Analgesics used in ICU

The same modes of analgesia are available and used in ICU as elsewhere, but with some important considerations.


Non-pharmacological methods:

  • Are important, often very simple ways of reducing patient discomfort.

  • Include:

    • The proper positioning of patients (including the stabilisation of fractures)

    • Comfortable temperature

    • Adequate hydration, bowel and bladder care

    • Physiotherapy, patient activity and regular turning

    • Removing unpleasant physical stimulation (e.g. traction on tubes/drain, lying on lines/connectors)

    • TENS, heat/cold therapy, massage, music

Systemic drug therapy:

  • Paracetamol

    • Used to treat mild pain or in combination with opioids to treat moderate to severe pain.

    • Dose reduction (to 15mg/kg q.i.d.) or increased dosing intervals (6 hourly) may be required in some patients (cachexia/malnourished, alcoholic, impaired hepatic function, renal impairment (creatinine clearance < 30ml/min)) because of the higher risk of hepatotoxicty.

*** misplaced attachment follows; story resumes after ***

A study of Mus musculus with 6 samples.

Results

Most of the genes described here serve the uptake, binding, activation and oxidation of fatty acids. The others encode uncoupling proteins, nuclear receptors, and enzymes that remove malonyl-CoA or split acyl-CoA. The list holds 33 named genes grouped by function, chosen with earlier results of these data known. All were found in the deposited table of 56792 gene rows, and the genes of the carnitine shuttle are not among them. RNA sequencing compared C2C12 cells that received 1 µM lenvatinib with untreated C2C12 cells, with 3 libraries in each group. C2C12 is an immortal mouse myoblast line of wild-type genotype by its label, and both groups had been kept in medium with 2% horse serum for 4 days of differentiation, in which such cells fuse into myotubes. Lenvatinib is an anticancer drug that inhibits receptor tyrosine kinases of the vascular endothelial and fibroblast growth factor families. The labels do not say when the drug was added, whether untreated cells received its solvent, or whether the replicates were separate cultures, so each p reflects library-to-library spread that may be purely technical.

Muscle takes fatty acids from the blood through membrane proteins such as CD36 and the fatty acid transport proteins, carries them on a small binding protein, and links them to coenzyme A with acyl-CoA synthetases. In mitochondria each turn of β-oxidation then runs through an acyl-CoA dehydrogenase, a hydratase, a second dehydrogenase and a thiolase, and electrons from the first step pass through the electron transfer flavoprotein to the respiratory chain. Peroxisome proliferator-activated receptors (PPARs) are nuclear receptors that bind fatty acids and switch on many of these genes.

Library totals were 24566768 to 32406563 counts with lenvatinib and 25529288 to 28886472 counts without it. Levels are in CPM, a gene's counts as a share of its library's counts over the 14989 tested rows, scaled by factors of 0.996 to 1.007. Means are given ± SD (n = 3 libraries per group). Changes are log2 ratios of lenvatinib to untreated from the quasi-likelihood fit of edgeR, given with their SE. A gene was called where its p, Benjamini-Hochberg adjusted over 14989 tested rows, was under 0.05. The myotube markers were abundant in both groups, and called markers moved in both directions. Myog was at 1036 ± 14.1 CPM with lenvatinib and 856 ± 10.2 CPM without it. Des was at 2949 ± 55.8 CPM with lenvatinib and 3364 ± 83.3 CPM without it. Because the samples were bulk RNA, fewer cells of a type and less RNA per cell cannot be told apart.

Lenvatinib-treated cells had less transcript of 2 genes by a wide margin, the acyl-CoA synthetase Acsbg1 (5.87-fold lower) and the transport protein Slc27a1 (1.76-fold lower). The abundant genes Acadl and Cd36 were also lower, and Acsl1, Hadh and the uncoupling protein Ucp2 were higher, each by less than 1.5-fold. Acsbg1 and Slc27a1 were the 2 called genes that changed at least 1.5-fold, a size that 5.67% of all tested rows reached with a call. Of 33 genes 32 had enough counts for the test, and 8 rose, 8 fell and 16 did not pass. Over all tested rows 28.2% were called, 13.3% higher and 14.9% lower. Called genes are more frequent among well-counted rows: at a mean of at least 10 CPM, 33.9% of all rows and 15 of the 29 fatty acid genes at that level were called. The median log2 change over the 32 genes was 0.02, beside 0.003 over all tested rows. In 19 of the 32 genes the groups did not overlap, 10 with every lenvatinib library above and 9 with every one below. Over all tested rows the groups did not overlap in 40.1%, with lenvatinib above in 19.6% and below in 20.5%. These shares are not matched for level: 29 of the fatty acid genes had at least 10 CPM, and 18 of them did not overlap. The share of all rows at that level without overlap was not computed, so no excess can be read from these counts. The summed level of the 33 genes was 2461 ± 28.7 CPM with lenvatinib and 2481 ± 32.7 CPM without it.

• Avoidance or administration on an as required basis rather than regularly in patients with suspected infections to avoid masking pyrexias.

  • Opioids

    • Form the mainstay of analgesia in ICU.

    • Please see next page.

  • Non-steroidal anti-inflammatory drugs (NSAIDs)

    • Their side-effects of impaired renal, platelet and gastric protective function severely restrict their use in ICU.

    • Same advice whenever used: use as low a dose for as short a period of time as possible.


Regional anaesthesia/analgesia:

  • Is used safely in ICU.

  • Can form a key component of managing patients with multiple rib fractures and patients with major co-morbidities who have undergone chest, abdominal or limb surgery/instrumentation.

  • Must be carefully considered in terms of risk/benefit because of the potential higher risks (infection, bleeding and haematomas) associated with its use.